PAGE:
How to Address the Cybersecurity Resourcing Challenge

Written by

The fight between hackers and organizations continues. Cyber threats are increasing in number and complexity, and it seems that hackers are coming out victorious.

Attacks have evolved from those that caused low level nuisance to more sophisticated attacks including disruption of networks, attacks on infrastructure, DDoS attacks and theft of personal data. It’s also now easy to buy an exploit kit on the web, making hacking accessible to almost anyone, plus there will be 25 billion IoT connected devices globally by 2020.

What’s worrying is that many businesses are ill-equipped to address these threats, leaving them vulnerable to hackers. According to NTT Com Security’s Risk: Value 2016 Report, while most business decision makers admit they’ll be breached at some point, just half agree information security is ‘good practice’. This raises the question as to why businesses are holding back from minimizing the effects of an impending breach.

Some experts argue there is a lack of internal resource to keep up with the growing threats, meaning it’s no longer possible for many organizations to tackle all aspects of information security management in-house. Organizations are, in the main, under-skilled and undermanned in security terms, and this is evidenced by a recent cybersecurity talent report, which estimates there are one million unfilled security jobs worldwide. This is unlikely to change in the near future and could actually get worse – with Frost & Sullivan predicting there will be 1.5m unfilled jobs by 2020.

According to the market research firm, security analyst tops the list of positions that are in most demand, with 46% reporting a staffing deficiency at that position in their organization. This is followed by security auditor (32%), forensic analyst (30%), and incident handler (28%).

We Have a Resourcing Challenge. What Are the Options?

Information security needs to be seen as a career choice and there needs to be greater awareness in schools and colleges globally in order to attract more people into the profession. Until then, companies need to think carefully about a future that relies on getting by with existing resources or outsourcing some or all of their security operations to a trusted advisor.

An organization’s IT team will be grounded in IT fundamentals and daily business operations, so would be well placed to take on roles in cybersecurity. Security experts need a great mix of technical and soft skills, which are usually honed over many years. They need to know how to communicate effectively with non-IT colleagues and understand business processes, compliance and analytics. Sounds obvious, but they also need to have a genuine interest in cybersecurity.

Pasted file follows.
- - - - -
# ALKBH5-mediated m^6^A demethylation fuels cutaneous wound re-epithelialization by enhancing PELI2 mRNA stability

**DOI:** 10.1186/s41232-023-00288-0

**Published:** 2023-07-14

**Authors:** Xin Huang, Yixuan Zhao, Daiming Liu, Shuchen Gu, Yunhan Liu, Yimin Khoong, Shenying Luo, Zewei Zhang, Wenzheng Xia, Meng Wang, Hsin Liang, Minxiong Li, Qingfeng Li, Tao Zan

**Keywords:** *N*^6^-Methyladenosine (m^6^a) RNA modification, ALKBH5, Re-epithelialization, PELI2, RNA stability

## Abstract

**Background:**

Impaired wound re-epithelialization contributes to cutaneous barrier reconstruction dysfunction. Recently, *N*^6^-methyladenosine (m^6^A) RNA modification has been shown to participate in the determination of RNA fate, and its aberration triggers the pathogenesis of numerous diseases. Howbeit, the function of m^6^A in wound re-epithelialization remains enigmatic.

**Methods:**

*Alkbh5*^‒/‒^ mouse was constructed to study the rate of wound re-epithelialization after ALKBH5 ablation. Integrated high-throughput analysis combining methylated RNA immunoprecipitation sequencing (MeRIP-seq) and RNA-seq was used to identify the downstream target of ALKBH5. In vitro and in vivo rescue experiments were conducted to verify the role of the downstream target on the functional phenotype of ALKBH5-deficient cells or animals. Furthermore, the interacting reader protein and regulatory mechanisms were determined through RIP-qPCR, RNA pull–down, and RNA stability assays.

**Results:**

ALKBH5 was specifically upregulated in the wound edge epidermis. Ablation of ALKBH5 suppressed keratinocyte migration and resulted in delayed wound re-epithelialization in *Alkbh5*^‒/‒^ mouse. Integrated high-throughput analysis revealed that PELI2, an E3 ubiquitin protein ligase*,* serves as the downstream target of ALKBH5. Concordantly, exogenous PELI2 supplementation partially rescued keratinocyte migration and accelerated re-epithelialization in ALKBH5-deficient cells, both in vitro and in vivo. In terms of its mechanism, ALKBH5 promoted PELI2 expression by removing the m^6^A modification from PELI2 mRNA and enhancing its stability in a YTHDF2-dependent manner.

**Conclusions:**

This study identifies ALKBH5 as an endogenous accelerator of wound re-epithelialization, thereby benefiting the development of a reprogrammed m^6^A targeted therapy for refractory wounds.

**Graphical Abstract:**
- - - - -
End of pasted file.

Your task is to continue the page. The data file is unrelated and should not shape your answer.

Training staff can be a great long-term investment, but information technology products change faster than an organization will be able to train its team. A commitment to training and professional development is a strategic decision needing high budgets. There is the obvious cost of training, as well as the length of time it takes to train each person while keeping the skills and certifications up-to-date. Then, when people leave, there’s the challenge of starting the process all over again.

Investing in internal resources therefore isn’t an option for a large number of organizations. Almost half of companies worldwide lacked in-house security skills, according to Frost & Sullivan’s 2015 (ISC)2 Global Information Security Workforce Study, while a third plan to use managed and professional services to address these skills shortages.

Outsourcing some or all of an organization’s security operations to a Managed Services Provider (MSSP) can alleviate the problem of there not being enough resources in-house. There are a growing number of MSSPs to choose from – although it is important to remember that not all are the same. Choosing one with flexibility to work within the organization’s chosen model is important, as is the ability to provide actionable intelligence.

A trusted provider will know how and where to find the right experts, invest in training and improving professional qualifications, and continuously monitor an organization’s network round the clock, every day of the year. If companies find they don’t need to fully outsource their security operations, they can use an MSSP to fill specific resource gaps such as developing an incident response plan – which currently 77% of organizations do not have, according to NTT Group’s 2016 Global Threat Intelligence Report.

In summary, there are currently not enough qualified cybersecurity experts entering the workforce. There’s no silver bullet in terms of training internal resource or hiring new resource to alleviate the problem, but there’s never been a more important time to address the skills gap.

What’s hot on Infosecurity Magazine?